中文摘要 / Summary in Chinese
The legalisation of casino gambling in Mainland China is often considered by pundits as a move that would severely hurt Macao’s interests, as gaming is the city’s largest industry. A study involving a scholar from IFT argues differently: it suggests it would help reduce “a mass exodus of capital” from the Mainland China economy to casinos abroad.
Macao is not able to meet the “enormous demand for gambling” from Mainland Chinese, wrote Dr. Li Sheng, currently a scholar at the University of Macau, and IFT scholar Dr. Zhao Weibing in their paper. “Such economic inefficiency, however, will be mitigated if the Chinese Government allows Mainland local gaming services to grow and compete with Macao casinos,” the authors noted.
“The Chinese demand for gambling is sufficiently large to allow a number of casino resorts to coexist in a harmonious and profitable manner,” Dr. Li and Dr. Zhao stated.
For Macao’s casino industry to remain competitive under a scenario of casino legalisation in Mainland China, “the [Macao] Government and private sector should make every effort to upgrade the casino facilities and overall level of tourism service,” the scholars suggested. “In the long term, Macao must widen its clientele base and diversify its economy,” they added. “Diversification is most likely to be the best and only precautionary strategy that Macao can adopt to safeguard its economic sustainability.”
Their paper, “Strategic Destination Management in the Face of Foreign Competition: The Case of Macao SAR”, was published in the Journal of Travel and Tourism Marketing in 2016.
The 2 scholars noted that “it is not possible for Macao to capture all gambling revenue from Mainland China, but Macao can continue to maintain its gaming-led tourism advantage if it promotes itself as a world-class high-roller destination.” They added that gaming facilities in both Mainland China and Macao could prosper “if market underutilisation can be reduced by keeping Chinese customers from gambling in overseas establishments.”
Macao is by far the largest single-jurisdiction market for casino gambling in the world, according to several investment analysts. Casino gross gaming revenue in Macao for the first 10 months of 2017 stood at nearly MOP220 billion, up 19.2 percent from the prior-year period, according to official data. The majority of the city’s gaming revenue comes from the VIP segment, and most high-rollers in the city’s casinos hail from Mainland China, according to Dr. Li and Dr. Zhao.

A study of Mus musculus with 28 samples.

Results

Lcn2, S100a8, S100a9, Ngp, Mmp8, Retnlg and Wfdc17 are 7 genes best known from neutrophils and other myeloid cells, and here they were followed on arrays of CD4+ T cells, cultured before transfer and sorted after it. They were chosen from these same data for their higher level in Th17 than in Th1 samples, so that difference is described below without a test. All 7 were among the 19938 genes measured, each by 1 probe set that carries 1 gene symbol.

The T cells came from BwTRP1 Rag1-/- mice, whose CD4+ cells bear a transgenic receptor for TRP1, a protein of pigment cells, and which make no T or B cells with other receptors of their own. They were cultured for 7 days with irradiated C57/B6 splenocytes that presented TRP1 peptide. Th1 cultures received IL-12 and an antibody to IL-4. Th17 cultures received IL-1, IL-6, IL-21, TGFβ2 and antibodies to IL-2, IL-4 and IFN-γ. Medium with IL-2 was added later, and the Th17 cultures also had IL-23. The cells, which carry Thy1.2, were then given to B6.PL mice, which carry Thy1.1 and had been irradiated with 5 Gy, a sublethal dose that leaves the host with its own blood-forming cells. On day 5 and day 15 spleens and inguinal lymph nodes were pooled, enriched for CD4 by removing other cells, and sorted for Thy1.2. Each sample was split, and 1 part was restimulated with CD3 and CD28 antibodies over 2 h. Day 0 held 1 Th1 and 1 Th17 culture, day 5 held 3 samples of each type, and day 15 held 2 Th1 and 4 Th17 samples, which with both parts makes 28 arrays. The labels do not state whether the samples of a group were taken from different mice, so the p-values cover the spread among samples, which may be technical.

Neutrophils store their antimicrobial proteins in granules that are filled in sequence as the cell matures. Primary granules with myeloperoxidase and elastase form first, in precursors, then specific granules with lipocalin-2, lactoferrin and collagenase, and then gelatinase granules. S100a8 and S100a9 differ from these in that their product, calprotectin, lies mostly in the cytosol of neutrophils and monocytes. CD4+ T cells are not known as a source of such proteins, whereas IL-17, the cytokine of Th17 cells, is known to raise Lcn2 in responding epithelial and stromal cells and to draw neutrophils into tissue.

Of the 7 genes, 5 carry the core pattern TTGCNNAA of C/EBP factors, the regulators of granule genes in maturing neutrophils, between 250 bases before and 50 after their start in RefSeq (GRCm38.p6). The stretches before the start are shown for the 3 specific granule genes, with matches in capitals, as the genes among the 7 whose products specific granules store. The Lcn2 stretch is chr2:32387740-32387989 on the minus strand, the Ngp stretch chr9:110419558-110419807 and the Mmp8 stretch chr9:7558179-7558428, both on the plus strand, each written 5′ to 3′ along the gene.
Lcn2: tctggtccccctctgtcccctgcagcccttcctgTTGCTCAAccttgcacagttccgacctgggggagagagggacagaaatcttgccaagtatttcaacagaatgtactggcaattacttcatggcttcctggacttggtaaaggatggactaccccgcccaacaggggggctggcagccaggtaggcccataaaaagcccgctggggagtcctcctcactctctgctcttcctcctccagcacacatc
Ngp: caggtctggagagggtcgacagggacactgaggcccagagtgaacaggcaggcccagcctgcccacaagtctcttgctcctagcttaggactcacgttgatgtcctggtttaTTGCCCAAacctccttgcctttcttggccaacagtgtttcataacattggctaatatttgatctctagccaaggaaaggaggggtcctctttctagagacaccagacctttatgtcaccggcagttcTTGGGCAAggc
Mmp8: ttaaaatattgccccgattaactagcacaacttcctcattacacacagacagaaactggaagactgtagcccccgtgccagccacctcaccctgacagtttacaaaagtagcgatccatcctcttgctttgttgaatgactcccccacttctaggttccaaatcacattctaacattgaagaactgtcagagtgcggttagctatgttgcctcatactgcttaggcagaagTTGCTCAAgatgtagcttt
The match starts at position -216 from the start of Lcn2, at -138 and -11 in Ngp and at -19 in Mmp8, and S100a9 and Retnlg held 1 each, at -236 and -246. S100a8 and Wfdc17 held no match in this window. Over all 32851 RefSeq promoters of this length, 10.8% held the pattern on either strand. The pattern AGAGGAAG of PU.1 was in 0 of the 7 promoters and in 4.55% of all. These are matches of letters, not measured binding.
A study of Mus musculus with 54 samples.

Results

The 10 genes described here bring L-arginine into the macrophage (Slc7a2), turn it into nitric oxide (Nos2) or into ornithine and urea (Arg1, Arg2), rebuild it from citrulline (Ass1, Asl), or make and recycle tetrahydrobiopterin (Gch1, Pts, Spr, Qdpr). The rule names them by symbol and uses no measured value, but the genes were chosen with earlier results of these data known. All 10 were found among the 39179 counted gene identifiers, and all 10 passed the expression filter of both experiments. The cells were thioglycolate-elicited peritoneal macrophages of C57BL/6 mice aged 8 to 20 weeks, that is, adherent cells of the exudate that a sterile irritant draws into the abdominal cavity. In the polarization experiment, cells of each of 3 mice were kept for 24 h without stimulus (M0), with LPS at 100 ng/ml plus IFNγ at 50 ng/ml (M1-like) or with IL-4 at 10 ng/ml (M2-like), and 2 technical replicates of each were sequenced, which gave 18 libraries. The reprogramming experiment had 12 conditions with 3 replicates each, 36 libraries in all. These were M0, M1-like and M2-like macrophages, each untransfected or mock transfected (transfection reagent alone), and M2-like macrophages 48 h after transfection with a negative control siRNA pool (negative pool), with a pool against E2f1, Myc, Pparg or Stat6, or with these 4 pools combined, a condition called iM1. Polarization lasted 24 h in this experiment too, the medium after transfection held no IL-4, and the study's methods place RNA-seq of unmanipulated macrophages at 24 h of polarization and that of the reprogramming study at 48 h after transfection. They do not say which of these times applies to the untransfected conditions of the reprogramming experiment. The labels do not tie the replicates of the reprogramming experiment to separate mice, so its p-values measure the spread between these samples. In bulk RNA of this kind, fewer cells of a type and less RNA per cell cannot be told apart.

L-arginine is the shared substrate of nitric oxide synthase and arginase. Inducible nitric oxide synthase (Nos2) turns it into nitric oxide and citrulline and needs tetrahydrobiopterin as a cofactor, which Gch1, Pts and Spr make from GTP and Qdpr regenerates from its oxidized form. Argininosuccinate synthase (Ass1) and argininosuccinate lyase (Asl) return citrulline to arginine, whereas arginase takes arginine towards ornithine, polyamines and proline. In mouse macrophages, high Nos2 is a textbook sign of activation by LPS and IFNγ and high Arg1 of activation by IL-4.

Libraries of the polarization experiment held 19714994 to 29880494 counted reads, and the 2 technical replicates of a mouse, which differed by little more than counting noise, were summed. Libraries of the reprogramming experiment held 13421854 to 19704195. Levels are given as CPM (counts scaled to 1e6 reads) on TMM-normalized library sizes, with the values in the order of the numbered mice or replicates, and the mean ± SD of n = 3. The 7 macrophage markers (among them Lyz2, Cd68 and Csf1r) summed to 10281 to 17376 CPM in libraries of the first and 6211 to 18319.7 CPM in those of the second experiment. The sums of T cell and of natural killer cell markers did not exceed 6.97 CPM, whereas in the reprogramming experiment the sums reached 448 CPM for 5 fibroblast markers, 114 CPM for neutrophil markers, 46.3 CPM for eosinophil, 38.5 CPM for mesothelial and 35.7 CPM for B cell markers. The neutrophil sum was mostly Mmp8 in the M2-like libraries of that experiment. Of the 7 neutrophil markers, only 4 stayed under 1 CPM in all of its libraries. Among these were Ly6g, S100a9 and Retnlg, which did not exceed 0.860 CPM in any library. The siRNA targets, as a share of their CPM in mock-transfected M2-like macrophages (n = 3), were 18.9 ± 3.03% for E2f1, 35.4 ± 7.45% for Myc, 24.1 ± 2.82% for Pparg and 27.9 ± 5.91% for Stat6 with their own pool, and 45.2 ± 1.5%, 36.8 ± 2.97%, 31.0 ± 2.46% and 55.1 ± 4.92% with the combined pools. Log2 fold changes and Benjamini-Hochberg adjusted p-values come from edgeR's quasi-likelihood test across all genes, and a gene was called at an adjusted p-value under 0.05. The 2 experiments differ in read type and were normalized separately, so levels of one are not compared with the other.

Protecting national interest
The 2 scholars said legalising casino gambling in Mainland China “would be strategically helpful in protecting China’s national economic interests”. As demand for gambling services “is soaring” in the Mainland, the “absence of formal gaming establishments have led to the problem of undersupply”, they noted. Dr. Li and Dr. Zhao added that a significant part of the unsatisfied demand has been exploited by foreign casinos, “resulting in loss of national wealth”.
They stated: “The mushrooming of casinos in the Asia-Pacific region, particularly near the Chinese border, is making the situation… worse… If the Chinese Government does not take… action, the capital-exodus problem driven by overseas gambling will become a real threat” to the national well-being.
Several of China’s neighbouring nations have legalised casino business; however, many prohibit or limit locals from gambling domestically. Such countries include the Republic of Korea, Laos and Vietnam, where casinos focused on serving Chinese nationals are commonly found.
Dr. Li and Dr. Zhao suggested that the Mainland China authorities should not legalise casinos fully across Mainland territory. “Launching pilot projects in certain special zones would be a more feasible option,” they said. The 2 scholars mentioned Hainan Island – being promoted by the Chinese Central Government as an international tourism destination – as providing “a precious opportunity for experimenting with commercial gaming.”
They also suggested that were any Mainland Chinese casino zones to be allowed and were to adopt Macao-style business models it would be “disastrous” for the latter. Dr. Li and Dr. Zhao suggested that it was “critical for Macao to avoid direct competition” with any such Mainland zones. The desired outcome, the scholars suggested, would be for Macao to focus on the higher end of the market, with Mainland China casinos serving the lower end.
Dr. Li and Dr. Zhao added that Macao’s 6 casino operators could benefit from the legalisation of gambling in Mainland China. They should use their privileged position to become familiar with market conditions and the investment environment in Mainland China “so that, once the door for foreign direct investment is opened, they can seize the opportunity ahead of competitors”. Until then, the 2 scholars suggested, these firms could invest in non-casino hotels and resorts in Mainland China. “This type of business is completely legitimate and also has a relatively high rate of return in Mainland China,” they stated.
MGM Resorts International – the parent of Macao-based casino operator MGM China Holdings Ltd – has a partnership with China’s Diaoyutai State Guesthouse for the operation of hotel properties in Mainland China. Another Macao casino operator – Galaxy Entertainment Group Ltd – has announced plans for the development of a non-gaming resort on Hengqin Island, adjacent to Macao.
IFT Assistant Professor Dr. Zhao Weibing – also known as Dr. Max Zhao – earned a Ph.D. in Management from the University of Calgary, in Canada. He joined IFT in 2008. His research interests include destination marketing and management, traveller behaviour and experience, entrepreneurship, and studies related with the Guangdong-Hong Kong-Macao Greater Bay Area. Dr. Zhao has had works published in several high-profile academic journals.